Sobel & Co. LLC,  accounting firm livingston,  accounting firm livingston

Sobel and Co Secure File Sharing  Sobel and Co Site Search

Sobel and Co Client Portal Access  Pay My Bill at SobelCo

973-994-9494 Sobel and Co LinkedIn PageSobel and Co Facebook PageSobel and Co BlogSobel and Co Facebook Page

The Challenges of Virtual Events

Print Friendly, PDF & Email

One of the most dramatic changes impacting the nonprofit community as a result of the Coronavirus is the necessity of pivoting from in-person to virtual events. In order to address the healthcare recommendations regarding social distancing, nearly all of the fundraising and friend-raising events that were planned for 2020 had to be quickly converted to take place in a virtual environment. Asa result, galas have evolved from an evening of friendly conversation with colleagues, perusing the silent auction table, enjoying the open bar and dining on a delicious menu to technology based programs that offer few, if any, of the amenities that made the traditional annual gala experience so exciting.

While just about everyone laments the temporary lost opportunities that face-to-face events generated, there are some benefits to the on-line version.

Over the months since Covid-19 first struck, the technology platforms have grown more sophisticated, more adaptable, and more flexible. Networking sessions, interactive games, and even online auctions have helped to improve the remote access gala experience, making these events more interesting and successful.

First of all, since guest speakers can now tape their remarks prior to the event, their willingness to participate has increased. They are more accessible because they no longer have to make special accommodations to attend the program on site at a specific date and time. Many of these high profile honorees appreciate the convenience and volunteer to provide opening or closing remarks, offer key note insights, or even be a part of an awards presentation ceremony.

There are other benefits as well. For example, organizations are experiencing some savings when room rental, invitations (printing and postage), and food and beverage costs are no longer a major factor. In addition, there is no concern about the obstacles presented by local traffic patterns or inclement weather. And best of all, the audience can attend from anywhere in town, across the country, or even around the world. So with the potential for a much broader footprint there is a correspondingly greater potential for drawing larger, more diverse participants who may also support and invest in the organization’s mission.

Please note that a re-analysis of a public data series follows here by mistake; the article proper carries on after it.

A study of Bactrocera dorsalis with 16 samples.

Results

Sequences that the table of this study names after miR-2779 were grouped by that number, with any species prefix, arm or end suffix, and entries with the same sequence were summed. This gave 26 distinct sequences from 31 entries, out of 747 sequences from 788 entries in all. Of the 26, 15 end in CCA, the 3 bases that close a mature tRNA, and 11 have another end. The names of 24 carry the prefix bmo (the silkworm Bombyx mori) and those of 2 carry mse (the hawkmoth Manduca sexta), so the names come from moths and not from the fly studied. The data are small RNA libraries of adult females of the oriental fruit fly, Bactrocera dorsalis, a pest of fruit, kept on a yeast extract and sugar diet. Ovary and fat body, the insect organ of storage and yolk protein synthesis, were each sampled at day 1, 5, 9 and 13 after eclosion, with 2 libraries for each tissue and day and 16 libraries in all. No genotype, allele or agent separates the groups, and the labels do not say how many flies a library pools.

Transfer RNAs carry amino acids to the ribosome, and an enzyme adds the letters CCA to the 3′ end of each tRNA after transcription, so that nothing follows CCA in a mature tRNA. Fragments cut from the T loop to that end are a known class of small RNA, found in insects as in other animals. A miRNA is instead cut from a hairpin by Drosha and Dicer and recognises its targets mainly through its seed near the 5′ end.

However, in most situations, even with a newly expanded reach, on-line events also present significant obstacles.So far they have consistently attracted somewhat smaller crowds and even the least complicated event requires careful attention to production needs in order to seamlessly coordinate the many moving parts of a typical annual event.

But there are some steps the nonprofits can adopt to mitigate the possible hurdles and ensure a great experience for their guests:

  1. Limit the length of time for the event to no more than 90 minute, recognizing that one hour is optimal
  2. Publish a schedule of events in advance so that guests have the option of spending as much or as little time on line at the event as they choose.( Some may stay for the entire program while others prefer to join just in time to hear the guest of honor’s acceptance speech)
  3. Be sure to use a reputable technology platform; and be sure you are familiar with all its applications
  4. Have at least two IT professionals on the event at all times; too often the unexpected can occur, leaving your entire event ‘in the dark’ without immediate support from someone with an expertise with the platform/software
  5. Pre-record some of the various speakers and other important components to ensure against technology glitches that can occur with ‘live’ presentations
  6. Take every opportunity to tell your story, share your mission, and demonstrate the value you deliver to the community you serve

In short, the nonprofit who plans for the worst and hopes for the best will be well-prepared for whatever occurs. Power outages, frozen screens, volume inconsistencies and more can happen – but being ready for anything is a great first step. Enjoy your event – and be safe.

Special thanks to Jeff Key, Founder, Nfinity Enterprises, for sharing many of his insights on the keys to a successful virtual event at the Morris County Chamber of Commerce Nonprofit Council.